This story below (with some minor updates) was originally posted on my blog in October of 2009, which was the year we started our business. I thought of Dennis recently, and I wanted to re-share this story.
What strikes me is that the same things that made Dennis the best salesman I've ever known are the same things that make salespeople successful today. —-----------------------------------------------------------------
My first sales mentor, who sadly recently passed away (here's one for you, Dennis), was a salesman through and through. He didn't need the Internet or Powerpoint to make his case to a customer.
He created an environment where people trusted him to have their best interests at heart. He acted in such a way that all of his customers knew that he would never let them down or make them look bad for buying from his company.
He understood them first. He delivered value way before they ever spent a penny.
He knew their company better than the engineers and management people he worked with did. And he knew the decision-makers even better.
He knew his market and customers and precisely what they needed at the right time at the right price with the proper specifications and presented it in the right way.
As a young salesman, I accompanied Dennis to a Ford plant for a vendor meeting. The plant manager was a loud, obnoxious, and pretty profane guy. He had 5,000 people working for him and 50,000 parts to put together correctly once a minute for three shifts, five days a week to make an SUV people paid $40,000+ to own.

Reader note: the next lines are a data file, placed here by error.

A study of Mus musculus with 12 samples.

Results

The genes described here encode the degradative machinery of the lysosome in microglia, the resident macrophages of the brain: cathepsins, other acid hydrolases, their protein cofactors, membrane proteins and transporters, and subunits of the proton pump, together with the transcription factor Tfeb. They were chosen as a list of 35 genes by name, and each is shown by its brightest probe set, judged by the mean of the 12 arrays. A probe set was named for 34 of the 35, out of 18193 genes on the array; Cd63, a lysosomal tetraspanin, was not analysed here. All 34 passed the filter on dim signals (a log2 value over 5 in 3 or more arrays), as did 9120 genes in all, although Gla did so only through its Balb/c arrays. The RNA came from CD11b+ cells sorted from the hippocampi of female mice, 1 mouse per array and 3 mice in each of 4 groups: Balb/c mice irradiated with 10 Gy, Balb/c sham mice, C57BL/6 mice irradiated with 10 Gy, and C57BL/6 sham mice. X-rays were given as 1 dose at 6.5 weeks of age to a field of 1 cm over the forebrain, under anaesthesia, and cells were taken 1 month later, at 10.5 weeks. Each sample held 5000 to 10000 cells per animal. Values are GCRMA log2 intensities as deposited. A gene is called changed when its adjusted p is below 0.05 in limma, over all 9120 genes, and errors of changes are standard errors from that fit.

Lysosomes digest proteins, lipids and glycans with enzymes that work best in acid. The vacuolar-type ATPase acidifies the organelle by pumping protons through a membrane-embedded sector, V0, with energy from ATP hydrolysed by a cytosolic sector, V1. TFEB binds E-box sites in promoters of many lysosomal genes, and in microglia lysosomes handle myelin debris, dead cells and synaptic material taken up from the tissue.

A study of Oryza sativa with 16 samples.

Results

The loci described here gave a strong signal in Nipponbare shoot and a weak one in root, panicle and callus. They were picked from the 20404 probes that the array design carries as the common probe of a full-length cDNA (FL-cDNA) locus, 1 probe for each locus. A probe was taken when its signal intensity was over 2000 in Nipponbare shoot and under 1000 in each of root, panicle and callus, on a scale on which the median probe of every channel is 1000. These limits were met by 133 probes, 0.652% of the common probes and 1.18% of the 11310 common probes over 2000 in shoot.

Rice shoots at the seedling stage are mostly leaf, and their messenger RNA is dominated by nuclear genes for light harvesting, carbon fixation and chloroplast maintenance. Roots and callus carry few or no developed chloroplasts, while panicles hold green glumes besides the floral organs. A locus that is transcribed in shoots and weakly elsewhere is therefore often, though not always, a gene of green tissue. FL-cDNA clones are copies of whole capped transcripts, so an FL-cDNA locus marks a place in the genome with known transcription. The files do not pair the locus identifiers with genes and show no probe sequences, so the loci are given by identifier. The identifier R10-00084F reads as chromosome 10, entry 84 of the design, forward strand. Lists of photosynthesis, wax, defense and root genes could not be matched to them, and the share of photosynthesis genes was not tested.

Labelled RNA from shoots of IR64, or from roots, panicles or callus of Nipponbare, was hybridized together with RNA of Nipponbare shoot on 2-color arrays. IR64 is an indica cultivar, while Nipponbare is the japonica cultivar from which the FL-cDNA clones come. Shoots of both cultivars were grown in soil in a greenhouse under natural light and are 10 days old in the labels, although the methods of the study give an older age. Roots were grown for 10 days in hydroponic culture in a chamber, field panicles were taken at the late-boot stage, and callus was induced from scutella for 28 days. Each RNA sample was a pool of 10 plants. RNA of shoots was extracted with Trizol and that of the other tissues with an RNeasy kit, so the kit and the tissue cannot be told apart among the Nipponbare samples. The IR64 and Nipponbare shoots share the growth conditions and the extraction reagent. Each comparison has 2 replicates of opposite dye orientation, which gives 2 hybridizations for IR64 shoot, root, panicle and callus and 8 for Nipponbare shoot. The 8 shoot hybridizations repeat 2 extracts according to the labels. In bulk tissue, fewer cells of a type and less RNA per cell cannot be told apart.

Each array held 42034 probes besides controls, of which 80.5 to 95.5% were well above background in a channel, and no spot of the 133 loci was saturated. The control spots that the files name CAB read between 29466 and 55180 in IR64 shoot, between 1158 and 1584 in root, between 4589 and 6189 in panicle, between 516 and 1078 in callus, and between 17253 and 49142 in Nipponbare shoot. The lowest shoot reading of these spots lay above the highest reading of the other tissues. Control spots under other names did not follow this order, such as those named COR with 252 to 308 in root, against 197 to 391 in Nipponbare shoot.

I understood but did not necessarily agree on why he would use rough language and intimidation to get what he had to have out of the critical vendors for his cars. The production line could not stop no matter what.
This manager would walk around the plant with about 50 people in tow and would verbally assault anyone that didn't know their stuff and have the answers exactly when he wanted them.
The vendor salespeople people would wait nervously for their turn in the box while Dennis and I stood by, quietly smoking cigarettes, on the edge of the group (this was in the late 1980s, so smoking was still very much OK in Detroit).
Eventually, the plant manager got to us, and I waited for the barrage to begin. What we got from the plant manager was, "Hey, Dennis, how you doin'?" and he walked away.
Dennis gave me his great smile, and I knew that he had figured out the issues ahead of time and made sure that the plant manager knew that the solutions were in place and that he had nothing to worry about.
Dennis was an expert at customer communication: he knew his market, listened to them and delivered the value they wanted and how and when they wanted it. Always.
There are very few salespeople that can say they do that.
I miss you, Dennis, my friend and my sales mentor. I have never known a better salesman.